Ancient 'Siku Quanshu' a lifetime of page turning Chinese history
It is commonly known that the “Siku Quanshu,” or “Complete Works of Chinese Classics,” is China’s largest ancient encyclopedia. But how long would it take to read the monumental work? It’s assumed that if someone spent 10 hours a day reading 3,000 Chinese characters per hour, from the day he or she was born, that person would probably finish the encyclopedia by the age of 80.
The “Siku Quanshu” contains over 3,460 books with around 79,000 chapters, which has more than 800 million Chinese characters. “Siku,” which translates as four sections, indicates the encyclopedia is catalogued into four parts, that is, jing, or the Confucian classics, shi, or the history, zi, or the philosophy, and ji, or the literary collections. The covers of the four divisions come in different colors: green, red, blue and white, and grey respectively, which symbolizes the four seasons.
The encyclopedia covers various fields of knowledge, ranging from politics to economics, science, geography, astronomy, medicine, art, mathematics, literature and philosophy.
Apart from ancient Chinese classics like “The Analects of Confucius” and “The Historical Records,” the collection also includes the masterpieces from Japan, Vietnam, India and European countries.
Emperor Qianlong (1711-99) gave the order to compile the “Siku Quanshu” during the Qing Dynasty (1644-1911). He issued a decree to provincial officers to collect locally important books and send them to the capital. However, only a few people handed in their books.
In 1773, the emperor made the imperial edict again and introduced an incentive policy. People who handed in over 500 books would be rewarded with work on the “Gujin Tushu Jicheng,” also known as the “Imperial Encyclopedia,” whilst those who sent over 100 books would be gifted with “Peiwen Yunfu,” a Chinese rime dictionary of literary allusions and poetic dictions. The donors also had an opportunity to let the emperor write an inscription in their book.
The compilation work was completed by an editorial board, which included over 360 scholars with Ji Yun (1724-1805) as chief editor.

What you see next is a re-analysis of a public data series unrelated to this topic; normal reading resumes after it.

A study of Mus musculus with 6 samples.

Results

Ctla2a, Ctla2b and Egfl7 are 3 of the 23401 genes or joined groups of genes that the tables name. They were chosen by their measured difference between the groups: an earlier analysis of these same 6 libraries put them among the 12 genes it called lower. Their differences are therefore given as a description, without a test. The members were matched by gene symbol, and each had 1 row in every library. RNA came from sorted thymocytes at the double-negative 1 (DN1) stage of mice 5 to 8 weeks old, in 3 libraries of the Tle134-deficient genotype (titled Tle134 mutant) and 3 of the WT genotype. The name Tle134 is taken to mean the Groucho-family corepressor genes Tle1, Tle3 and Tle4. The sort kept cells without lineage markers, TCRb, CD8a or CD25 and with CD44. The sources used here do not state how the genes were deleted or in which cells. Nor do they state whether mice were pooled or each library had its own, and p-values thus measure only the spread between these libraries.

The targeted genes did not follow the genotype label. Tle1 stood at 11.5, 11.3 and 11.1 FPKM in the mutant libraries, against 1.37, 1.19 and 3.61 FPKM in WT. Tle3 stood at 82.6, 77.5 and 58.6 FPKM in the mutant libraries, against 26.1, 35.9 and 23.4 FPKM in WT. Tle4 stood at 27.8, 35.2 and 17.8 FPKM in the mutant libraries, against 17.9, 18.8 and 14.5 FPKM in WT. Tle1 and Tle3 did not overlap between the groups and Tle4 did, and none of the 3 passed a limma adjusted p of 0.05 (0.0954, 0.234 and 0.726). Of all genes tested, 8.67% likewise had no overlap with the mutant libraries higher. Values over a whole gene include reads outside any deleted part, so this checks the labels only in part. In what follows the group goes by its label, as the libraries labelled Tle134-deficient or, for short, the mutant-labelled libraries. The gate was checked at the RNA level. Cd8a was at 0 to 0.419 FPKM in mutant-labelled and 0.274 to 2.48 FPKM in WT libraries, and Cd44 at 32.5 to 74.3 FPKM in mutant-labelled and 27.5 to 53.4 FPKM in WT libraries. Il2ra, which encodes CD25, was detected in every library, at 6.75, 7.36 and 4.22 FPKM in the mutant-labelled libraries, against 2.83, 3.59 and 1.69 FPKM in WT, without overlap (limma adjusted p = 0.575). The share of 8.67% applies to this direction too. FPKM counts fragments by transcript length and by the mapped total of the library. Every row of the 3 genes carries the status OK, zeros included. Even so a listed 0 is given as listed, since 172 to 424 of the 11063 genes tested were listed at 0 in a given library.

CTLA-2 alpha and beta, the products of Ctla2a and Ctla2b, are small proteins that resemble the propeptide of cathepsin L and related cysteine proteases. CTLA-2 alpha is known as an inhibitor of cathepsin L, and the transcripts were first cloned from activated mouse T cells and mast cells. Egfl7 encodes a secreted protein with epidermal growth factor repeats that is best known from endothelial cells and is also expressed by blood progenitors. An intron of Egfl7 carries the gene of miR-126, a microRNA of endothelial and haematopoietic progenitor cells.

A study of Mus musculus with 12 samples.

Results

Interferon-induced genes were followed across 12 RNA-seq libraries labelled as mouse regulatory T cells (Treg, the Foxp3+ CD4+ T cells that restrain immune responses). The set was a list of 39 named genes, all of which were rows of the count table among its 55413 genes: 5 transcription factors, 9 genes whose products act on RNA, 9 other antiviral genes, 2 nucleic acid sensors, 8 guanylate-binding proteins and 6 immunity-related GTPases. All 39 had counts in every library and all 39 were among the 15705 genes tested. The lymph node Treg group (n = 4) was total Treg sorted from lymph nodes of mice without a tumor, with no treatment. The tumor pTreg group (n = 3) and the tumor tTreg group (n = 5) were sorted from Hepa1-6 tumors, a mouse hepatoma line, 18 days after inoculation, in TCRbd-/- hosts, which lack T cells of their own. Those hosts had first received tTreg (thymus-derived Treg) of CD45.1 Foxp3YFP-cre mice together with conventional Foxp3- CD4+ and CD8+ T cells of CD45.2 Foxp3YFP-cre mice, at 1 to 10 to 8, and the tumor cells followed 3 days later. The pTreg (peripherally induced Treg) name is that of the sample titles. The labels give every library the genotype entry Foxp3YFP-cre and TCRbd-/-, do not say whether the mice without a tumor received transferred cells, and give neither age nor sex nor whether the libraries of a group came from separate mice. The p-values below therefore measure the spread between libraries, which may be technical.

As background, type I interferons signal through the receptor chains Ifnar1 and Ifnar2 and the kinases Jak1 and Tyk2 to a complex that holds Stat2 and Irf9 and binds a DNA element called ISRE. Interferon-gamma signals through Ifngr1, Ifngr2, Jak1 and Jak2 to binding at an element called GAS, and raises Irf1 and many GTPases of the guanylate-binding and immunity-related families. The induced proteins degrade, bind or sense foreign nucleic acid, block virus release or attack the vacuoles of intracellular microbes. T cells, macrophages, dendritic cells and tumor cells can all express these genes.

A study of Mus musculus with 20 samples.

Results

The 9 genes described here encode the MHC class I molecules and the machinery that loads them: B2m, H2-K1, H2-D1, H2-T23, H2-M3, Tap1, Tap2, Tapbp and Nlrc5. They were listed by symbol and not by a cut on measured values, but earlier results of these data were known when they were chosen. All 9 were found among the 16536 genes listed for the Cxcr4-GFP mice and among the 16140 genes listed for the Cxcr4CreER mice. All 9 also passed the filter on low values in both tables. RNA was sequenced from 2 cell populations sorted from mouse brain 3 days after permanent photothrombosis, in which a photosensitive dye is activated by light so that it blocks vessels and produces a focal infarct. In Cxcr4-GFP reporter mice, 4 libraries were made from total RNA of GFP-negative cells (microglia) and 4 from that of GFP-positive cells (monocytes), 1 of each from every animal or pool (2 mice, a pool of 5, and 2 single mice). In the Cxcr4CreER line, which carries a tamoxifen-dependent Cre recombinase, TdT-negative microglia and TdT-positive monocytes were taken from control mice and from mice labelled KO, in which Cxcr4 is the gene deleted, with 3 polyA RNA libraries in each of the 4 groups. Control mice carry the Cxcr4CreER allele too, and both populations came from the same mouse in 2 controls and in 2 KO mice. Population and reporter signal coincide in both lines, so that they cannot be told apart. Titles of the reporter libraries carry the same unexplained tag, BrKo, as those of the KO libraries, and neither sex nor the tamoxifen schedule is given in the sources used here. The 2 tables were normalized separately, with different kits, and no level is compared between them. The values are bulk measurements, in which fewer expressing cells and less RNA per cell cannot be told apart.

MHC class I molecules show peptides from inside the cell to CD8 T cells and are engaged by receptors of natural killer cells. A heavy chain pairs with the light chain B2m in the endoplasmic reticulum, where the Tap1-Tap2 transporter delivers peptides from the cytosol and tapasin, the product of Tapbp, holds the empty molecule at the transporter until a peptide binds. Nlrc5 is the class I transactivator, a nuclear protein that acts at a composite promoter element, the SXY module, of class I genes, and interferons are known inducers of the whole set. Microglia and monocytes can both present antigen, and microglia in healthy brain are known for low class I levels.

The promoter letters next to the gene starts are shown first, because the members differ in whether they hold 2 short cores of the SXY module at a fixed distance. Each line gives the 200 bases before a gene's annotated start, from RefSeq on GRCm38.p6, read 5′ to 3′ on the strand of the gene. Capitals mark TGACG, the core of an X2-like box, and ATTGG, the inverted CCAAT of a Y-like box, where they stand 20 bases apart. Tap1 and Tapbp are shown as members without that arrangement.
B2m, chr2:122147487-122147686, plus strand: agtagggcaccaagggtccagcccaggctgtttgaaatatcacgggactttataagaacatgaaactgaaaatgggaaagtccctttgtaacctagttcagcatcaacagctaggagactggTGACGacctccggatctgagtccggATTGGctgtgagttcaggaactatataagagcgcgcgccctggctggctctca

Ji, also known as Ji Xiaolan, was an influential philosopher, politician and writer of the Qing Dynasty. Regarded as a wonder child, Ji was gifted with an extraordinary memory. He became jinshi — a successful candidate in the highest level of imperial examinations — in 1754 and entered the Imperial Academy, which was the top academic administrative institution.
Life was not always smooth sailing for Ji and he was exiled to today’s Xinjiang Uygur Autonomous Region because of divulging government information to relatives. But he soon returned to the capital after a ministerial recommendation and served as chief editor of the “Siku Quanshu.”
The task took Ji and hundreds of scholars over a decade to complete. Instead of being printed from wooden blocks, the original versions of “Siku Quanshu” were handwritten. More than 3,800 people were selected by the government to participate in transcribing the text. They were asked to write at least 1,000 words a day and 330,000 words every year.
If someone’s handwriting didn’t look neat, he would be punished to write 10,000 more words. The participants were granted with different official positions according to the number of words they had copied.
The first four handwritten copies ordered by Emperor Qianlong were stored at Wenyuan Pavilion of the Forbidden City, Wenyuan Pavilion of the Summer Palace, Wenjin Pavilion of the Mountain Resort in Chengde, and the Wensu Pavilion of the Shenyang Imperial Palace.
Another three manuscripts were made later and placed at the pavilions in Yangzhou, Zhenjiang and Hangzhou.
Among the seven copies, only three and a half of them survive today.
The encyclopedia collected at the Summer Palace was destroyed in 1860 during an invasion of Anglo-French allied forces. Likewise, the one in Yangzhou was damaged during the Taiping Rebellion from 1850 to 1864.
The copy stored in Hangzhou was partly destroyed due to the collapse of the pavilion. Rearranged and restored by bibliophiles Ding Bing and Ding Shen, it is stored in Zhejiang Library.
Two manuscripts are kept in the Palace Museum in Taipei and Gansu Provincial Library.
Becoming part of the holdings of the National Library of China, the edition originally collected at Wenjin Pavilion in Chengde is the best-preserved. The 128 wooden shelves used to store the books, the 6,144 protective covers and 36,304 volumes all remain intact.
Celebrating the opening of the new library house in 1931, the books were displayed to the public. However, one book was stolen during the exhibition. Knowing the news, Fu Zengxiang, minister of education, asked staff not to breathe a word of the thing to anyone.
Meanwhile, Fu secretly sent people to pay attention to Liulichang Street, which is an antique market in Beijing. After six months, a middle-aged thief who wanted to sell the book appeared in the market. The case was resolved and the book returned to its “safe home.”